Lebanon Daily News Brief 03/21/2022
Central Bank Governor Charged with Illicit Enrichment
Lebanese Judge Ghada Aoun charged BDL Governor Riad Salameh with illicit enrichment, which is the first of such charges brought against him. The illicit enrichment charge relates to the purchase and rental of Paris apartments, and Salameh denies any wrongdoing, as he claims an audit demonstrates that his wealth is not derived from public funds. [Reuters]
IMF Meets with Government
A statement released by the Deputy Prime Minister’s office reported that the government met with the International Monetary Fund last week, discussing capitol control and banking secrecy laws. According to L’Orient Today, “The parliamentary Finance and Budget Committee will review on Wednesday the budget of the Energy Ministry, the last ministerial budget needing review before the committee can move on to discussing tax amendments.” [L’Orient Today]
PM Praises KSA-French Initiative For Lebanon
Prime Minister Najib Mikati in publicized remarks, praised a humanitarian French-Saudi initiative for Lebanon. According to Naharnet, “a French-Saudi fund had been decided in a meeting between Saudi Foreign Minister Prince Faisal bin Farhan and his French counterpart Jean-Yves Le Drian, Miqati told Asharq al-Awsat newspaper, in remarks published Monday. He said that KSA has donated $36 million, through the King Salman Relief Center, for humanitarian aid to Lebanon.” [Naharnet]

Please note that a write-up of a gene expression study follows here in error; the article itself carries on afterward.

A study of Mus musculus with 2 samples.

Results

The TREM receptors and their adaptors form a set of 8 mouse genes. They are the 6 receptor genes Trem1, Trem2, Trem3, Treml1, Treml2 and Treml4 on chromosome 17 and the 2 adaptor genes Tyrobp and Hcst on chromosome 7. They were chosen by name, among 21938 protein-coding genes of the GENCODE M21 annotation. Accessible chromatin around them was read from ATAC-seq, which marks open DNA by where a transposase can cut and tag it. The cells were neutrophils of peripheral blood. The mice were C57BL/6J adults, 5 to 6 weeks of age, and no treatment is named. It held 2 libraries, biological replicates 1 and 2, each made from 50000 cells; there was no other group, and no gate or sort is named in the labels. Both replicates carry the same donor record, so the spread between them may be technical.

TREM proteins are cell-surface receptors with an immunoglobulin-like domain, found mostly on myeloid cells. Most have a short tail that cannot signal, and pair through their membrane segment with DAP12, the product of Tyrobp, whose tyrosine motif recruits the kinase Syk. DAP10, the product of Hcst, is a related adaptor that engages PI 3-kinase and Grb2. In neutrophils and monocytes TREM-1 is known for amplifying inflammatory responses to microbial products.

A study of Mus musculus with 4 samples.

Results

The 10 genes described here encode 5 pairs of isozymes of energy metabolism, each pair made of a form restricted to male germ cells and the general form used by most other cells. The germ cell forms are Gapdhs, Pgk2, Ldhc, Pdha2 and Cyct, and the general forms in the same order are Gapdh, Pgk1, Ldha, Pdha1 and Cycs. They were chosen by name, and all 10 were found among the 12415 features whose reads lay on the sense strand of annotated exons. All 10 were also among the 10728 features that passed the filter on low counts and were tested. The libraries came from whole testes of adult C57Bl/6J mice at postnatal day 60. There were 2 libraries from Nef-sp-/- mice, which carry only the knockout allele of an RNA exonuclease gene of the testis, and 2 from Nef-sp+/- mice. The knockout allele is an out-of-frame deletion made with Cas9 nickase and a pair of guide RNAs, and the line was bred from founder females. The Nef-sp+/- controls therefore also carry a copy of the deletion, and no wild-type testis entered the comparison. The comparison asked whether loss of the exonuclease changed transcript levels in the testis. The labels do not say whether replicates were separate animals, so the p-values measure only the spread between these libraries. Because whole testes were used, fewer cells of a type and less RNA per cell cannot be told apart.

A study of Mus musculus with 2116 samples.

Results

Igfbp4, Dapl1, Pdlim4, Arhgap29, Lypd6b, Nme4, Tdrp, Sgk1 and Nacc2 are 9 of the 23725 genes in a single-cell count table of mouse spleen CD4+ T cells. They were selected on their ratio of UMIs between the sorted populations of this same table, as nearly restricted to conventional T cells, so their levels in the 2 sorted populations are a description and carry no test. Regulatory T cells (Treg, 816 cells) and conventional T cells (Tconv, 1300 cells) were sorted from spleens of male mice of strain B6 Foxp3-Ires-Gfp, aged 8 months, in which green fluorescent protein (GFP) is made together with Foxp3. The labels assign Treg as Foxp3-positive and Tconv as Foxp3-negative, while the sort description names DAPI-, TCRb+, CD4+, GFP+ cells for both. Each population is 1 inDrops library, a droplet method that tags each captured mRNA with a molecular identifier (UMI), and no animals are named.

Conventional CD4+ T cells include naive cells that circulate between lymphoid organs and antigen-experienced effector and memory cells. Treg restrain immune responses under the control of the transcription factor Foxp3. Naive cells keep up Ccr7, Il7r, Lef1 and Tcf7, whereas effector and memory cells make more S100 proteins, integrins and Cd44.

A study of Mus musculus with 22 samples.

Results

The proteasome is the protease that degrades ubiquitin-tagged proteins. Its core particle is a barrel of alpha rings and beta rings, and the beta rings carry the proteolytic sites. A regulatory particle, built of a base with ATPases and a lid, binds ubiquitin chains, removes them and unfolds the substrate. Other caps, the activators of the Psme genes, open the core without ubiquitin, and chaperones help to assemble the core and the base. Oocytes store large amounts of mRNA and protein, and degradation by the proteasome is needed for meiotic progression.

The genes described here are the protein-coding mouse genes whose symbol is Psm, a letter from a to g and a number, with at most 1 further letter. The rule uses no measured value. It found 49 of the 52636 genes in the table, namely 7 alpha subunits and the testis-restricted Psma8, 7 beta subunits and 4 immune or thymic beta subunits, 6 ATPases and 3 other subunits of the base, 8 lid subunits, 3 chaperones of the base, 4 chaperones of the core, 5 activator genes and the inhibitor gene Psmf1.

OPINION & ANALYSIS
Lebanon’s Elections: Who’s In And Who’s Out?
AbiNader writes, “Lebanon’s politicians speak volumes of their intentions, yet all they have to show for it is their mastery of procrastination, denial, thuggery, abstentions, and other tactics from their corruption toolkit, ensuring that any threats to their priorities are mitigated. As Ibrahim Johari has documented, there are significant obstacles imposed on new entrants to politics as well as to voters, themselves. The Arab News article observes that less than half of all registered candidates survive to get on a ballot, being unable to find a list that will include them. Although in some districts the election regulations do allow for both individual and list-based voting, independent candidates without more unified backing ultimately face an arduous challenge . . . With the registrations now complete, emerging questions are increasingly concerned with the possibility of the election‘s postponement should Hezbollah, Amal, and the Free Patriotic Movement come to the conclusion that their alliance will lose its majority position in Parliament after May 15th.”
Confessional Seat Distributions, Political Balance of Power, What’s At Stake in the May 15 Elections: Everything You Need to Know About Lebanon’s 15 Electoral Districts
Fayad writes, “The large constituency encompassing all of the western neighborhoods of the capital, with a Sunni majority, and large Shiite and Christian minorities, has been an undisputed stronghold of the Hariri clan since the 1990s. The withdrawal of Hariri and the Future Movement from the current elections opens this constituency to all possibilities and could strengthen the penetration of Hezbollah and its allies unless the situation is steered in a way that would remobilize the Sunni electorate around a list that is close to Hariri’s choices. The opposition movements could also make their way into this urban constituency, which, however, remains difficult to access due to a relatively high eligibility threshold.”
Disclaimer: The views and opinions expressed in these articles are those of the author and do not necessarily reflect the position of the American Task Force on Lebanon, a non-profit, nonpartisan leadership organization of Lebanese-Americans.